Guest article by EarQ
Today, 48 million Americans report some degree of hearing loss. Meanwhile, someone in the United States develops Alzheimer’s disease, the most common type of dementia, every 67 seconds. Now, new research is beginning to show that the two conditions have more in common than you may think.
When it comes to things like language processing, if you don’t use it, you lose it. This means that people with untreated hearing loss can slowly lose some of their ability to understand and process speech. This could be an explanation for why hearing loss has been strongly associated with dementia in older Americans. What’s more, those with untreated hearing loss have been shown to lose brain tissue faster than people who don’t have hearing loss.
However, there is good news. Studies have shown that using hearing aids to address hearing loss can help to curb these effects and slow the onslaught of cognitive decline and dementia.
Many people are hesitant to admit that they have hearing loss. And once they admit it, they often don’t want to use hearing aids because of negative social stigmas. This can pose a challenge to caregivers, as it can be difficult to persuade their loved one to take corrective action.
There are several signs you can lookout for in order to tell if your loved one might have hearing loss:
- Turns the television or phone volume up louder than you typically do.
- Often asks people to repeat themselves.
- Has trouble understanding young children or people with higher-pitched voices.
- Sometimes seems more withdrawn from social settings than before.
If you feel that your loved one might have hearing loss, there are a handful of techniques you can use that might help you to guide them toward the decision to get their hearing evaluated:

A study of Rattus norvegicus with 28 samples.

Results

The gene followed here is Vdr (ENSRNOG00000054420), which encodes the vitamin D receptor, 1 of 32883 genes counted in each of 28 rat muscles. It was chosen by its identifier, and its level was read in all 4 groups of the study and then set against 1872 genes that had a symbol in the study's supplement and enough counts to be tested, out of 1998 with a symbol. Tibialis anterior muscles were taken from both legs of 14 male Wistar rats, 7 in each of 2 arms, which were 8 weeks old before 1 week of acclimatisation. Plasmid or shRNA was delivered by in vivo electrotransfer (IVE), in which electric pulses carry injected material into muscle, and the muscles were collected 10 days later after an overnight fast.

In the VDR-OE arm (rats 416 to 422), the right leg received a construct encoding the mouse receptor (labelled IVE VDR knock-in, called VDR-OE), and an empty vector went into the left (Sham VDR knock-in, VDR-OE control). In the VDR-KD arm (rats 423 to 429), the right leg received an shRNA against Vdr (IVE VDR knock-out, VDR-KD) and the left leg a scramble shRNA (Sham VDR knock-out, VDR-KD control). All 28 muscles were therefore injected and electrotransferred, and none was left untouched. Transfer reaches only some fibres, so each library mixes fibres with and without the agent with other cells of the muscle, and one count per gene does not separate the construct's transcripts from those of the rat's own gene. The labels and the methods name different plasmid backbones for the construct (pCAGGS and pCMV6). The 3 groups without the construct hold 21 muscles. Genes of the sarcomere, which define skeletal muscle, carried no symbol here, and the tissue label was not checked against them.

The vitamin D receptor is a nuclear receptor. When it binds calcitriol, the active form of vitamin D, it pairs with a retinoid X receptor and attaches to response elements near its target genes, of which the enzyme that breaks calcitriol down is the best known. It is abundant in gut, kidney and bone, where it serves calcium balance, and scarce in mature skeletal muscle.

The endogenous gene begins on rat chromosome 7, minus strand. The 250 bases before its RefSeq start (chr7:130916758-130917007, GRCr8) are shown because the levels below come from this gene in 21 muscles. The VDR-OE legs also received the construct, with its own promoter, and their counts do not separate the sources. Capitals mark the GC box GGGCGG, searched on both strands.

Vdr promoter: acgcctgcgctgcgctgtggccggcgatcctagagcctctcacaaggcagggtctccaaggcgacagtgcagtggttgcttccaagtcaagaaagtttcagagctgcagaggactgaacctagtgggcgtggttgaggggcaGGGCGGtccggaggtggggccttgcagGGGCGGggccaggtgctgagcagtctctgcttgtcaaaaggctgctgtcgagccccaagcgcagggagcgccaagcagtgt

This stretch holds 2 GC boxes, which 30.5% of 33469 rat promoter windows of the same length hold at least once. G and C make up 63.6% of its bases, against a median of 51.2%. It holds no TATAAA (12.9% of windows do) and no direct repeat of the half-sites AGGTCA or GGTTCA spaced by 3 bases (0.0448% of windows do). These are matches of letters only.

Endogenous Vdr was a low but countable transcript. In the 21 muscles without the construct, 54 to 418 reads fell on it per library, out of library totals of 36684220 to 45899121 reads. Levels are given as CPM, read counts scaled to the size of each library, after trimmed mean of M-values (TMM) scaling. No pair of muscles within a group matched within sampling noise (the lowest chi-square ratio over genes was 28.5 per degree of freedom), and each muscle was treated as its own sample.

- Explain that annual hearing tests are recommended for everyone, similar to the way you get annual physician’s checkups or semi-annual dental cleanings.
- Tell them about the links between untreated hearing loss and other associated conditions.
- Be prepared for common objections such as “I’m too young to lose my hearing,” “Hearing aids are hard to take care of,” and “It’s embarrassing to wear hearing aids.” Do your research on these myths and know how you will counteract them.
- Show them a handful statistics in order to let them know they’re not alone, such as the fact that 20% of adults in the U.S. are affected by hearing loss in some way.
- Go with them to the hearing evaluation and have your hearing tested as well!
Both hearing loss and dementia come with challenges, but as a caregiver, your love, support, and assistance helps to make them a little easier. By using these tips to help your loved one address possible hearing loss, the two of you will work together to make every day better than the last.
EarQ is a nationwide network of 1,400 independent hearing healthcare provider locations creating national public awareness to advocate for greater access to quality hearing healthcare services and products.